One of the most common questions I get from new founders is how they should compensate their first employee. We call your first set of employees “founding employees” because although they are not officially considered founders they are joining the company at an extremely early stage and sharing much of the risk with the founders. On top of that, these new employees will be critical to the success (or failure) of your company so ensuring they are bought in for the long haul is critical.
Determining compensation is particularly problematic for founding employees because of two major issues – founders are cash poor and they want to ensure the employee has “skin in the game” with equity ownership. But how much equity ownership and how much cash? What if the startup cannot afford to pay the employee their market rate? Then how much equity should they receive to make up for that?
We have adopted a rule of thumb at Velocity that has served us well over the years based on feedback from Dan Martell way back in 2012.
In a perfect world, the startup would pay their employee market salary and 1% equity in the company. In the case where the startup cannot pay market salary OR the employee is willing to accept less than market salary we suggest that for every $10,000 in salary given up by the employee they should receive an additional 1% in equity.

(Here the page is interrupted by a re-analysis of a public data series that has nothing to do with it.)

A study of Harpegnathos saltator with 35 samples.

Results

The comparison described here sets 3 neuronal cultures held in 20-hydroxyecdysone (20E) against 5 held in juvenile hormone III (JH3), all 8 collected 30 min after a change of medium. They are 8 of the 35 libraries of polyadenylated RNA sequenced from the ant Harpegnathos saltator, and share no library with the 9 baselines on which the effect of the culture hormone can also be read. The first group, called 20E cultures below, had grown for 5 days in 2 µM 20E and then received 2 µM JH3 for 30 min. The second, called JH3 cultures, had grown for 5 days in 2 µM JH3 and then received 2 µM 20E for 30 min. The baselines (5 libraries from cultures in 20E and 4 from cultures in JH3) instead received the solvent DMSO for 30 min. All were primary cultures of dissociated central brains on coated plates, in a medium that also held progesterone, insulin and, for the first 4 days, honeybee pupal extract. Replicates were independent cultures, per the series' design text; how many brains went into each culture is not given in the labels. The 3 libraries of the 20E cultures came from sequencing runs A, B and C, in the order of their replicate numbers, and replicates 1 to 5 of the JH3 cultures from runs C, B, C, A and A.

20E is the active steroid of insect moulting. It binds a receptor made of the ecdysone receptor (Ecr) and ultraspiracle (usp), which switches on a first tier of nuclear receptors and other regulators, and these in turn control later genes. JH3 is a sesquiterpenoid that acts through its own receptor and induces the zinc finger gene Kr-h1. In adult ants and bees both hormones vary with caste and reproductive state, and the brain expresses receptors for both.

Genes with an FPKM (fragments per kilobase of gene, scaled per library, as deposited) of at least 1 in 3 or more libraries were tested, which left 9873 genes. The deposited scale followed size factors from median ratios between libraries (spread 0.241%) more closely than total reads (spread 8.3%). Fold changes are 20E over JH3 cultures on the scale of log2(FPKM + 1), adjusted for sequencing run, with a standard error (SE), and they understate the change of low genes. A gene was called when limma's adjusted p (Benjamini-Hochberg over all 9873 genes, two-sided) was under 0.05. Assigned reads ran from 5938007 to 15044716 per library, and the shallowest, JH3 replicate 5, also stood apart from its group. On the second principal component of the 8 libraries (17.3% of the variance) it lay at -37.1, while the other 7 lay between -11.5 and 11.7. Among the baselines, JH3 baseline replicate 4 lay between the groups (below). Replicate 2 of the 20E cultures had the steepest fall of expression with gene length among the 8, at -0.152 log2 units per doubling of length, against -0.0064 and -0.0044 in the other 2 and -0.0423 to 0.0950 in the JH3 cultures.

|Market Salary – $70,000||Equity 1%|
|Reduced Salary -$30,000||Equity 5%|
|No Salary – $0||Equity 8%|
This provides the employee with complete control over the levers between equity and cash compensation up to the maximum cash available from the startup. I would suggest that the equity should have a one year probation period (typically referred to as a “cliff”) where the employee gets nothing if they leave within the first year. The equity should also vest or be given to the employee split over a 4 year period typically monthly. That is, after month 12 the employee would have 25% of their equity and each subsequent month would receive an additional ~2% for the next 36 months.
Be careful with the No Salary rule because if you are successful (and I sure hope you are!) then you will eventually pay that employee a salary and it will be difficult to change this equity amount in the future.
There are a number of other rules of thumb out there (grunt equity being another famous one) but we find that the sheer simplicity of this model makes it very appealing to startup founders and their new employees.
This post was originally written by Mike Kirkup and published on mikekirkup.com, September 4, 2015.